Technological advancements, COVID-19 pandemic pressures and growing evidence about oral health’s connection to overall health have accelerated the pace of change in the dental insurance industry in recent years. At the same time, more companies are expanding into new product markets, further driving innovation in the dental benefits space.

Edward Shellard

As these developments influence how dental care is paid for, insurers are reimagining the way they do business to better serve consumers. Here’s a look at four trends altering this changing landscape.

Oral and overall health 

The importance of good oral health care goes beyond the mouth itself; evidence shows it may lead to better overall health throughout a person’s life. A growing number of studies have found an association between gum disease – which about 47% of Americans aged 30 years and older experience in some form – and systemic conditions such diabetes, heart disease and Alzheimer’s disease. These findings point to the significance of regular preventive dental care and oral disease management, and the need for greater understanding about how the health of the mouth affects the rest of the body.

To elevate oral health and overall wellness, some insurers are taking a more holistic, personalized approach to dental insurance. Many dental plans are now offering extra benefits and programs to members with certain medical conditions, such as diabetes and heart disease, that can increase the risk of oral health problems. Along with these enhanced care offerings, education and training resources provided by dental plans about the mouth-body connection also emphasize healthy habits and preventive care to support improved overall health outcomes.

Medical-dental integration

With the knowledge we now have about the oral-systemic connection, integrating dental into medical care and conversations about overall health is more critical than ever. Increasing communication and coordination between dentists, physicians and other providers is crucial for medical-dental integration and has real implications for improving patient care and health outcomes. The sharing of electronic health records that merge medical and dental histories is one solution making it easier for patient data to be passed on to all clinicians.

On the insurance side, there is potential for medical-dental integration to help prevent more complex and costly services, close gaps in care and deliver better health outcomes. These advantages are driving insurers to support this interdisciplinary approach through products, benefits and educational solutions that emphasize the integral connection between oral and overall health. Partnerships between dental plans and other health care organizations, and academic and research institutions that are specifically focused on addressing the divide between medicine and dentistry, are also prompting closer integration of medical and dental care.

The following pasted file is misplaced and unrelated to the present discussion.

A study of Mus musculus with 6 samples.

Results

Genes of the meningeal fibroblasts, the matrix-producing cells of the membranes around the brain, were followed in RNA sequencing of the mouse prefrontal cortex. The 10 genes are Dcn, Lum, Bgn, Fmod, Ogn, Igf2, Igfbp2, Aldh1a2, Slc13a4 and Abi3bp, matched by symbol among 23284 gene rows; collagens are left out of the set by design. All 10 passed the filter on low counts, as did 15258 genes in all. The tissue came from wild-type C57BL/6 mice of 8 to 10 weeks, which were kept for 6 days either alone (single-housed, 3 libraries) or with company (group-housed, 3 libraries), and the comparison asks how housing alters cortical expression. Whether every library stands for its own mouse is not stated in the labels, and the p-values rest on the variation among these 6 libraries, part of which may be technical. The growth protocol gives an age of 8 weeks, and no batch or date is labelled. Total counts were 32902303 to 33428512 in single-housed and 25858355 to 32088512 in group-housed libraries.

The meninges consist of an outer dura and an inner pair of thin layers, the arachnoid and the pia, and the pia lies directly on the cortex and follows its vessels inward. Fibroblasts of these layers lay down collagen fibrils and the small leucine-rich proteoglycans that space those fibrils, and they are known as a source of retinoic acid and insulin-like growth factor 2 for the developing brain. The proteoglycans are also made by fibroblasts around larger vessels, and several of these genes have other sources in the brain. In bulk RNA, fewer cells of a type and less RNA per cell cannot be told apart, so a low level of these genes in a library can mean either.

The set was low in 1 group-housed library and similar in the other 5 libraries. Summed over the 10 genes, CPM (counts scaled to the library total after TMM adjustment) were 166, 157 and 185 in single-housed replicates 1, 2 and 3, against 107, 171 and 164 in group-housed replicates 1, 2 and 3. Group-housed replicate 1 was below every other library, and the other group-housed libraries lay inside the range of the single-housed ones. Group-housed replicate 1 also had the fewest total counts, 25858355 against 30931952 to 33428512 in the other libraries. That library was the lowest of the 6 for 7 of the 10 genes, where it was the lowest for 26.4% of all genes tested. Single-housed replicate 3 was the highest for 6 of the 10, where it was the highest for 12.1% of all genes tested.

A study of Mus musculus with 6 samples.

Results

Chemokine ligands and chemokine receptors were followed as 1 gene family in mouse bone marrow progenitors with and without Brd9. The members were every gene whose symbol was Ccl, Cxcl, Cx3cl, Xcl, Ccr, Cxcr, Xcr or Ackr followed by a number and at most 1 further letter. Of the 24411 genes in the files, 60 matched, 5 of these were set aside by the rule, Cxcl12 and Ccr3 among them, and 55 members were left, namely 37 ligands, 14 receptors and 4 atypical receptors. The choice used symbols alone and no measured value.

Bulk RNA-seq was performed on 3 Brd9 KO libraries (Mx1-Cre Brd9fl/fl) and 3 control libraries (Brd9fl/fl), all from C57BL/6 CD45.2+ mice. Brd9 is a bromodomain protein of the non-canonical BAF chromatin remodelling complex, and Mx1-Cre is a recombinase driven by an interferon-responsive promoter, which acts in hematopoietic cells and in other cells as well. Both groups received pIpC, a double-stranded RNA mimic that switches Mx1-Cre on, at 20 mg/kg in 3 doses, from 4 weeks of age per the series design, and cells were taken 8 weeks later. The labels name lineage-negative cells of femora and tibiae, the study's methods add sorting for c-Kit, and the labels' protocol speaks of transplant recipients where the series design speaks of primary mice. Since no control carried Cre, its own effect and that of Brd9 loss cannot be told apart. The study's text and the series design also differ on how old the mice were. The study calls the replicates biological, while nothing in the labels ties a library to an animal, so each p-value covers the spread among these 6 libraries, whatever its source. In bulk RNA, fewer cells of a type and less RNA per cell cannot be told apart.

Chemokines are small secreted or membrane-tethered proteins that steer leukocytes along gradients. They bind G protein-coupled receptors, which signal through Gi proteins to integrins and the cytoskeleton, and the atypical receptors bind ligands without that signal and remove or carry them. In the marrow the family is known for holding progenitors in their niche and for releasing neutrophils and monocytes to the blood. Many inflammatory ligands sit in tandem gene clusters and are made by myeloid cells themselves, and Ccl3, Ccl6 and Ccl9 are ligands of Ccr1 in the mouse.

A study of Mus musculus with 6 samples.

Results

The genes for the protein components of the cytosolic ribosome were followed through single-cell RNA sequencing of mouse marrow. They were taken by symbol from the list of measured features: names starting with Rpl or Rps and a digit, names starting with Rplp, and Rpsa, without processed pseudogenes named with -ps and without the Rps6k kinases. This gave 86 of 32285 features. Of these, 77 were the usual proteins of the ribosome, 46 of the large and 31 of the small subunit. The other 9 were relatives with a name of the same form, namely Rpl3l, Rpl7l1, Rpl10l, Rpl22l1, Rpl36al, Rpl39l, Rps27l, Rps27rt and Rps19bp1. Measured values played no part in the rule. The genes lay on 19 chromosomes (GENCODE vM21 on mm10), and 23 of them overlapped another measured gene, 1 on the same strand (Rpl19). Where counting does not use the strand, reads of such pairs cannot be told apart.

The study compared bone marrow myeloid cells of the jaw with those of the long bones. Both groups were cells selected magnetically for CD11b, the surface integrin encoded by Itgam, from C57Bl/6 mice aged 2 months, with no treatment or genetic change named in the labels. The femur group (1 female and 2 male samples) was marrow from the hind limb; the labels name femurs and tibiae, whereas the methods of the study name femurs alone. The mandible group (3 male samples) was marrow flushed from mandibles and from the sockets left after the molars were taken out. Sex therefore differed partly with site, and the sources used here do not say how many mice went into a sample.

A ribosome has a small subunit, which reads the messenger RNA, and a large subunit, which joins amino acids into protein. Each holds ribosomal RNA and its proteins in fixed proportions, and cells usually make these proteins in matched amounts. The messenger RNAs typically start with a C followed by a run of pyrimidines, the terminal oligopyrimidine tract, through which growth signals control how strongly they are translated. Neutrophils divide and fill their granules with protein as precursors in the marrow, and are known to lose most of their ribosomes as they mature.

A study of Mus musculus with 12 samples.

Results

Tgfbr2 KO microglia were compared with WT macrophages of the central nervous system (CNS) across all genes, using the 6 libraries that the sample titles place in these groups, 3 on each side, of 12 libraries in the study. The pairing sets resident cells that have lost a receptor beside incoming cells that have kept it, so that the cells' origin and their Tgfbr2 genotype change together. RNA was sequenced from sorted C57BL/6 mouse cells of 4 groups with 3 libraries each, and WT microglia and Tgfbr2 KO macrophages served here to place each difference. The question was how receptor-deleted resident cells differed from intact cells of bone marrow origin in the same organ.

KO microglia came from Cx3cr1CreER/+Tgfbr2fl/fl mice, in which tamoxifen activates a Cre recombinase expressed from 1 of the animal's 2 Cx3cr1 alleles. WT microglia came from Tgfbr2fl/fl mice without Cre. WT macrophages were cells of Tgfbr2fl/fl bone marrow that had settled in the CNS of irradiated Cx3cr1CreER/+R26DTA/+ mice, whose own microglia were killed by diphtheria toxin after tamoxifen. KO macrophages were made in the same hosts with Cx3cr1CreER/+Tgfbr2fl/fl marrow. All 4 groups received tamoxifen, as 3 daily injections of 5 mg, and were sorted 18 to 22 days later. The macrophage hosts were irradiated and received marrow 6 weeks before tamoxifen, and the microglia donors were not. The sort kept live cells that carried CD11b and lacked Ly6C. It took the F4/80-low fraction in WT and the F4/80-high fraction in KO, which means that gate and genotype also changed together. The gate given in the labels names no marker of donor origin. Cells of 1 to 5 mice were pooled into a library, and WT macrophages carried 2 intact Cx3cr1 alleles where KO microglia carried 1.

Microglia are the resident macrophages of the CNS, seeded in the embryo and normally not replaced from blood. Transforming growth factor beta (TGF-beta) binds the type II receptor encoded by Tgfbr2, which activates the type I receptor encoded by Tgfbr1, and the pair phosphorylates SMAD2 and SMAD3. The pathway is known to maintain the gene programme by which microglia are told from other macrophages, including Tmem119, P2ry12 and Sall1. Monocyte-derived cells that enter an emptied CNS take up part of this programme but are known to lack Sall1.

Bundled insurance products

Market, regulatory and technological pressures are changing how dental coverage is purchased and delivered. A growing trend across the health and dental insurance industries is bundling – or packaging health and dental benefits together. A survey of dental and health plans across the country found 46% of dental respondents foresee bundling benefits, and 54% expect to partner with a health insurer by 2025.

Bundling offers many benefits for consumers, brokers and employers. For consumers, bundled insurance products offer the convenience of a “one-stop shopping” experience. Brokers can strengthen existing relationships, build trust and credibility, and expand their customer base by cross-selling medical, dental, vision and other ancillary products. The advantages for employers include benefits packages that elevate employees’ overall wellness, the potential to save money by working with a single carrier, and streamlined enrollment and administration services.

Innovations improving dental care access

Americans still face numerous barriers to accessing oral health care. One major obstacle that can make it difficult for many people – even those with insurance – to find and receive dental services is an uneven distribution of dentists across the country. According to the Health Resources and Services Administration, nearly 70 million people across the U.S. live in an area with a shortage of dental health care professionals.

To help reduce disparities in access to oral health care, the dental insurance industry has been adopting innovations that make it easier for patients to get the services they need. Teledentistry – one of the more significant trends emerging from the COVID-19 pandemic – is increasingly becoming an integral part of dental benefits with its ability to enhance care and education delivery through virtual visits when in-person appointments are not an option.

Insurers are also investing in mobile dental programs, which use portable dental equipment and mobile units to deliver low- or no-cost services to underserved populations and communities. And with research showing that a diverse dental workforce is associated with improving access to care, many dental plans are funding scholarship programs to encourage historically underrepresented groups to pursue careers in dentistry.

As the industry continues to evolve, dental plans must be open to shifting mindsets, exploring alternative approaches and considering different perspectives to meet consumers’ needs and expectations, tackle future challenges and achieve long-term, sustainable growth.

Edward Shellard, DMD, is the chairman, CEO and president of United Concordia Dental. Contact him at [email protected].